You are currently viewing Discoloured water a ‘frustration’ for council
Hauraki District Council says the Waihou River has high levels of manganese which makes the water brown. FILE PHOTO: GORDON PREECE

Discoloured water a ‘frustration’ for council

The district council has acknowledged the continuing issue of discoloured water in the Hauraki Plains, which has caused frustration to the community.

Hauraki District Council’s general manager service delivery Adrian de Laborde said council was spending “considerable time” working through the issues and “coming up with a programme of work that will cover all of the underlying problems”.

“It is a fairly complicated problem to resolve. It is an all of system issue, not just a treatment issue but also a reticulation and pipe maintenance issue,” he said.

The underlying problem is that the water source that council draws its raw water from, the Waihou River, has variable and high levels of manganese, Mr de Laborde said. The treatment process can remove around 90-95 per cent of the manganese in the water, but the remaining manganese enters the treated water system.

The manganese that makes it into the treated water is mostly lower than the 0.04 ppm (parts per million) required for aesthetic value such as colour, as per the Drinking Water Standards. The health level is 0.4ppm.

Previously the water was treated with chlorine, but in more recent times, council has moved to using potassium permanganate (potperm) which is a more effective treatment process but can turn the water pink if the dosage is wrong, Mr de Laborde said.

Council have purchased an online monitoring and dosing system, a first in New Zealand for treatment of fluctuating levels of manganese. Difficulty in getting components required for the system has meant it has taken a year to be delivered and installed and is only now being commissioned, Mr de Laborde said.

“Through investigation and research, we have found that regardless of how low the percentage of manganese entering the treated water, it still finds its way into the reticulation network, comes out of solution and sticks to the sides of the pipes.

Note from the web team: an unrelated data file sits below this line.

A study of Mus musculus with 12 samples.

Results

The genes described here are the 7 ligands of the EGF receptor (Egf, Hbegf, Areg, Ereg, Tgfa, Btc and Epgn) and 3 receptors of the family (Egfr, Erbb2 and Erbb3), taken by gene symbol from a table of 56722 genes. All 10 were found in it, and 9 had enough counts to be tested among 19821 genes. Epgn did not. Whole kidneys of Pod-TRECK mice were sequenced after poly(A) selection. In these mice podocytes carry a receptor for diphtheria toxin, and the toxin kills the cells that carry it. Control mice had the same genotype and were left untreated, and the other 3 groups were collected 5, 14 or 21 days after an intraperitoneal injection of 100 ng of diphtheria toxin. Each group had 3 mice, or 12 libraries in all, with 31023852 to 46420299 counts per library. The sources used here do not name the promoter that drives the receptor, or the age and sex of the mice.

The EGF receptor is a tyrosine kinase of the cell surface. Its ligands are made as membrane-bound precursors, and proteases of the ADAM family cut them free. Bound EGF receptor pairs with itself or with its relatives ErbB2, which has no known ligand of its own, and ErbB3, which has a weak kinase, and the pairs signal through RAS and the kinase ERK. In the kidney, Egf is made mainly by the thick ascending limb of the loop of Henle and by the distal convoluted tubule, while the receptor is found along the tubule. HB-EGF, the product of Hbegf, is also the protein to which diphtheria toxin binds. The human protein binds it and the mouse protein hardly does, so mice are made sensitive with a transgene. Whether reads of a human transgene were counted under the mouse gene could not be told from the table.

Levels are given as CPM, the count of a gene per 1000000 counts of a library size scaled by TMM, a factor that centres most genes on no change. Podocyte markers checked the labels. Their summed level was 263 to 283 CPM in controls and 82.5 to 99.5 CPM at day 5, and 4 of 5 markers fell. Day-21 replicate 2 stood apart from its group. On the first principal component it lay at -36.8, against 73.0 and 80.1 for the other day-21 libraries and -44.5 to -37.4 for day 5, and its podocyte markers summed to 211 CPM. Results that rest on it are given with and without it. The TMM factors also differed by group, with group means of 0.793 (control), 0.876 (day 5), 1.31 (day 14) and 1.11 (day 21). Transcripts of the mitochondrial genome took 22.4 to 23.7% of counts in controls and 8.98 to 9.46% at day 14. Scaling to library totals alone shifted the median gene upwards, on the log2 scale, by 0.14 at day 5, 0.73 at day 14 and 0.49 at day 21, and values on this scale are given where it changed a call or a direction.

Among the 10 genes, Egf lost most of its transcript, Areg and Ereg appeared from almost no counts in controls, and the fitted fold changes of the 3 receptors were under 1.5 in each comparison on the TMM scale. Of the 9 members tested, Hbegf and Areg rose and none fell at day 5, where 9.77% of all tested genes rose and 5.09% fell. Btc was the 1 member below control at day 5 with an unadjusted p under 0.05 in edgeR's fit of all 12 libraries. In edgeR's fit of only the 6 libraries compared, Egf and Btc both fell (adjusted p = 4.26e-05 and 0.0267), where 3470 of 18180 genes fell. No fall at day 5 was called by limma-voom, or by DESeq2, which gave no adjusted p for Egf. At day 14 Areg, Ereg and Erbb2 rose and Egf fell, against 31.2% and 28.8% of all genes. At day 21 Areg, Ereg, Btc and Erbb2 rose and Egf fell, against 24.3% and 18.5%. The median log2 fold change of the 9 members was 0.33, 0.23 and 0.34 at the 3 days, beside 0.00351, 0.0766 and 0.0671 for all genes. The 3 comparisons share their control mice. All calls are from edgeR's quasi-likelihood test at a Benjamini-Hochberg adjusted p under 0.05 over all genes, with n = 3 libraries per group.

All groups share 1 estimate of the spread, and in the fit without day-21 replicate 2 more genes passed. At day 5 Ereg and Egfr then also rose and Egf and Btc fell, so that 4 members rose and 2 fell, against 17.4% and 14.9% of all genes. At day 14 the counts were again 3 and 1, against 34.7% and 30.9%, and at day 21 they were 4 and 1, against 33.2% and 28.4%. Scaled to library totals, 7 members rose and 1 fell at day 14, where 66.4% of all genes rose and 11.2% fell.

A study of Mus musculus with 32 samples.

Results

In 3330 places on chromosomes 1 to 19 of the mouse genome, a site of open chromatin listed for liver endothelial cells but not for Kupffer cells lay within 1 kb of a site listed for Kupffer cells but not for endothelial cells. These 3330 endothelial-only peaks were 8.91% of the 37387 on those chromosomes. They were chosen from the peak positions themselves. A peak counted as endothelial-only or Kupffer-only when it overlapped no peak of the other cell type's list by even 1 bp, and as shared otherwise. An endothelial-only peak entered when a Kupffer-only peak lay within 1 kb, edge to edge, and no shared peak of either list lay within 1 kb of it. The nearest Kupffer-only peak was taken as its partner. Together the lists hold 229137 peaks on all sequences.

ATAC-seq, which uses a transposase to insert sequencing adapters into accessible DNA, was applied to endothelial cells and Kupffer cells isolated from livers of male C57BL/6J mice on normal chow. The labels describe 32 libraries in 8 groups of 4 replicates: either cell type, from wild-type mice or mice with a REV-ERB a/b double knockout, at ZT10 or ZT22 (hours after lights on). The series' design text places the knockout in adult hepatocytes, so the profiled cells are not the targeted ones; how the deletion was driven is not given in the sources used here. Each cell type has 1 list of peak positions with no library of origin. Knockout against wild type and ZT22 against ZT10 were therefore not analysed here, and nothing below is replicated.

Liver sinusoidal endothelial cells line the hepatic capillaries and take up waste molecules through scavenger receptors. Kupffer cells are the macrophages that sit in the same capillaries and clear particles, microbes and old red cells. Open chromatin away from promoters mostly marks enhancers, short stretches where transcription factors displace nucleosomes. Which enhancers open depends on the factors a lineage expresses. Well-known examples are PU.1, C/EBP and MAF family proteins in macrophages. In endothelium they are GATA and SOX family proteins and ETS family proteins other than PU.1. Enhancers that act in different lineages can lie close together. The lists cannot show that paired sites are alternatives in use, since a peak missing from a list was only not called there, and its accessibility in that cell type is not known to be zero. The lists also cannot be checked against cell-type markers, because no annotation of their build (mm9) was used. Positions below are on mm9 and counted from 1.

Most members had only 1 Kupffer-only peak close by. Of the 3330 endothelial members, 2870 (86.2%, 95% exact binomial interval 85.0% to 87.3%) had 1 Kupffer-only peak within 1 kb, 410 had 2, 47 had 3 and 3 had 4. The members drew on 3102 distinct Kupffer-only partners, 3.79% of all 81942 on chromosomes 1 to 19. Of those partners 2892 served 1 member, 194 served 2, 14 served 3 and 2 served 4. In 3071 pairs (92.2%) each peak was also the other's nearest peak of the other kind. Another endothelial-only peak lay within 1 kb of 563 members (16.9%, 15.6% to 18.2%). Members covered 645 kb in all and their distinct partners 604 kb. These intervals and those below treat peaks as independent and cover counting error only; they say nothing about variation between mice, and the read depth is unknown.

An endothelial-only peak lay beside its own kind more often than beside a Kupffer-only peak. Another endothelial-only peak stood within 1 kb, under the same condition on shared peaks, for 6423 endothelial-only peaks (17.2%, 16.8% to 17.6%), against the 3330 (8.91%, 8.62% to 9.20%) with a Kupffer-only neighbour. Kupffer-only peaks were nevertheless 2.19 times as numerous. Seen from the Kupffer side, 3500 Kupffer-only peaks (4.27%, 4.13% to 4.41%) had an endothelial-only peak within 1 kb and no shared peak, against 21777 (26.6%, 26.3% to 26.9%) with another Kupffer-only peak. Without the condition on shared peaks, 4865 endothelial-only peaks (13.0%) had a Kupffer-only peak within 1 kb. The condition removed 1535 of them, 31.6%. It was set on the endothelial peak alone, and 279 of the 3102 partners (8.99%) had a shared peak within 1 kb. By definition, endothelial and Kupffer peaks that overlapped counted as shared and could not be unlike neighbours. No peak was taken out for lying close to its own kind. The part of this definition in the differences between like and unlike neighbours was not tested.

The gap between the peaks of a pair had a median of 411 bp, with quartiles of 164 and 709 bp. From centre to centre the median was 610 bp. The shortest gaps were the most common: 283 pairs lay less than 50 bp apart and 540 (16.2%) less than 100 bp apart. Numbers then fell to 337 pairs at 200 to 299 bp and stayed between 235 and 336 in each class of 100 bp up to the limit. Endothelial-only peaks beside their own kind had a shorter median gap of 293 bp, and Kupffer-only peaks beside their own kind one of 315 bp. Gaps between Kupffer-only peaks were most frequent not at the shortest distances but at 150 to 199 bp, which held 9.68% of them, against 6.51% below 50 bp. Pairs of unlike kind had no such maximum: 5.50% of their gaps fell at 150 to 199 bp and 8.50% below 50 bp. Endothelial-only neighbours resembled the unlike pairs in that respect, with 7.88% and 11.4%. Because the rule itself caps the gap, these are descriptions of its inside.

“The manganese on the pipe walls builds up to the extent that any minor change in the network, such as small changes to the PH, flow, pressure or direction can cause the manganese to dislodge from the pipe wall and colour the water,” he said.

One of the most effective methods of removing the build-up on the pipe walls is ‘pigging’. This method involves forcing a foam bung through a water line. Although effective, this method can produce large volumes of black water that has to be disposed of in an environmentally sound manner.

Mr de Laborde said council has been trialling various ways to pig the lines over the last couple of months and have more appropriate ways of disposing of the manganese removed from the pipes. Council is finalising the programme of work to start routine pigging of the lines on the Hauraki Plains in a rotation maintenance schedule, he said.

To start this work we will need to install an access point on each pipe, again supply chain issues are holding up this process.

“Unfortunately this will take time to start to get the brown water out of the system but we will target the worst areas and then move around,” de Laborde said.

DETAILS: Continue to let council know about any issues you have with your water. Although its physical offices will be closed until January 3, council is still contactable 24/7 on 0800 734 834 (from within the district) or 07 862 8609.